Nokia has collaborated with Innventure to commercialize its high-performance cooling technology for data centers and mobile network equipment. The technology is developed to meet the challenge of heat densities in data centers and telecom networks whilst reducing energy consumption, the Finnish firm said on Monday.
For the unversed, Innventure launches new companies targeting $1B+ potential enterprise value through the identification, funding, and commercialization of truly disruptive technologies invented by large Multinational Partners. It has established a new company, Accelsius, to commercialize the high-performance cooling technology developed by Nokia Bell Labs.
The new company has acquired the rights to the technology from Nokia and will be responsible for its further development and commercialization.
“We are very excited to build a new company around a technology that Nokia Bell Labs has been developing for more than a decade. This innovative technology addresses an acute market need across the entire spectrum of networking and computing sites,” said Bill Haskell, Founder and CEO of Innventure.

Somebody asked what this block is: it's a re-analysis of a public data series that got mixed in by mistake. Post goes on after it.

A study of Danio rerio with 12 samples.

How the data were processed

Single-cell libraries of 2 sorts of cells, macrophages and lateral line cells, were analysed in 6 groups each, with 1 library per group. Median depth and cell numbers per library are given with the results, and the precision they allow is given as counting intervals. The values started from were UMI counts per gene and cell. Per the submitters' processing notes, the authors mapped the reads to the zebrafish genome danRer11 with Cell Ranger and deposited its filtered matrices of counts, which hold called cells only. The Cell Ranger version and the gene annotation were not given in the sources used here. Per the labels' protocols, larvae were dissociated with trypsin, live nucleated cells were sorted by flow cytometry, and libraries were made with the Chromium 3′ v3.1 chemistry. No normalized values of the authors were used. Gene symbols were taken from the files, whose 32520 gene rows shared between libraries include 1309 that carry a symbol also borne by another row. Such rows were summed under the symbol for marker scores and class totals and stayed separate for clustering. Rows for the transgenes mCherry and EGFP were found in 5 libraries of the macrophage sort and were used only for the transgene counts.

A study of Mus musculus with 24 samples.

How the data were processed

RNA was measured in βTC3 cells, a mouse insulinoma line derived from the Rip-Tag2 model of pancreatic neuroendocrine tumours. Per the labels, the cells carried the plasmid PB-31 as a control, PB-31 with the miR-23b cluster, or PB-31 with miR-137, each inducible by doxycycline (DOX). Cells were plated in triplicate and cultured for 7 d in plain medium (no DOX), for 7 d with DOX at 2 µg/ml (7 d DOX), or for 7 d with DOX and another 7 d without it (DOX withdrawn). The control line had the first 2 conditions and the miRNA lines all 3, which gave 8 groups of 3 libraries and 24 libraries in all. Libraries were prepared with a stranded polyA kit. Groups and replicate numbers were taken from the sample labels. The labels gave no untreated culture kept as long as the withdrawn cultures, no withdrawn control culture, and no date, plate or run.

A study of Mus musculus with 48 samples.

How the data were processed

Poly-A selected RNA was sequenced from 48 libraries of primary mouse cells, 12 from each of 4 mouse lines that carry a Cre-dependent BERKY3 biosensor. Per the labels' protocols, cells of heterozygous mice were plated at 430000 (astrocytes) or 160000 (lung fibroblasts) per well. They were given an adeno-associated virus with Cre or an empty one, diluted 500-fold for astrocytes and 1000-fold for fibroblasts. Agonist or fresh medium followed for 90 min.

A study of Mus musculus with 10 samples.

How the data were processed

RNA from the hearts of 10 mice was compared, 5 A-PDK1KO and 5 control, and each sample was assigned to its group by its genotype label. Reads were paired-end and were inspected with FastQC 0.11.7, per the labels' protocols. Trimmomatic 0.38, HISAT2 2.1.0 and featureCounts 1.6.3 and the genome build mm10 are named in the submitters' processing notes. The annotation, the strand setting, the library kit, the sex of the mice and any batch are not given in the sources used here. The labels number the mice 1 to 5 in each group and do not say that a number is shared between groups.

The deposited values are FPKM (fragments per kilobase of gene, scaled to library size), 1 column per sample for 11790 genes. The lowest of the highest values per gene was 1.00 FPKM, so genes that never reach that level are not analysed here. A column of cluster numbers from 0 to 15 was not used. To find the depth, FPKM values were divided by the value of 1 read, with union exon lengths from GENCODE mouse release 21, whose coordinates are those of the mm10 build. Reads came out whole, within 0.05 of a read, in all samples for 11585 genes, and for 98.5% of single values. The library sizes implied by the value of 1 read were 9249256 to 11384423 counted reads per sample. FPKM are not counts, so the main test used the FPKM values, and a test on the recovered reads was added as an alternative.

Nokia’s new technology provides cooling directly to the chip or other heat sources. According to the company, a passive two-stage coolant circulation process enables reliable, energy-efficient heat transfer and dissipation from high-density heat sources, without using pumps.
The compact cooling solution is simple to install, energy-efficient and is adaptable for a broad range of critical electronic equipment and can be deployed at any scale, from a single server to large data centers.
Commenting on this development, Theodore Sizer, Lab Leader, Optical Systems and Device Research at Nokia Bell Labs said, “We are delighted to work with Innventure to commercialize our groundbreaking cooling technology. This innovative solution developed at Nokia Bell Lab will enable the cooling of computing systems with high heat densities, at low energy consumption and with very little complexity. This advancement will help data centers continue to grow their computing capacity while becoming more energy efficient.”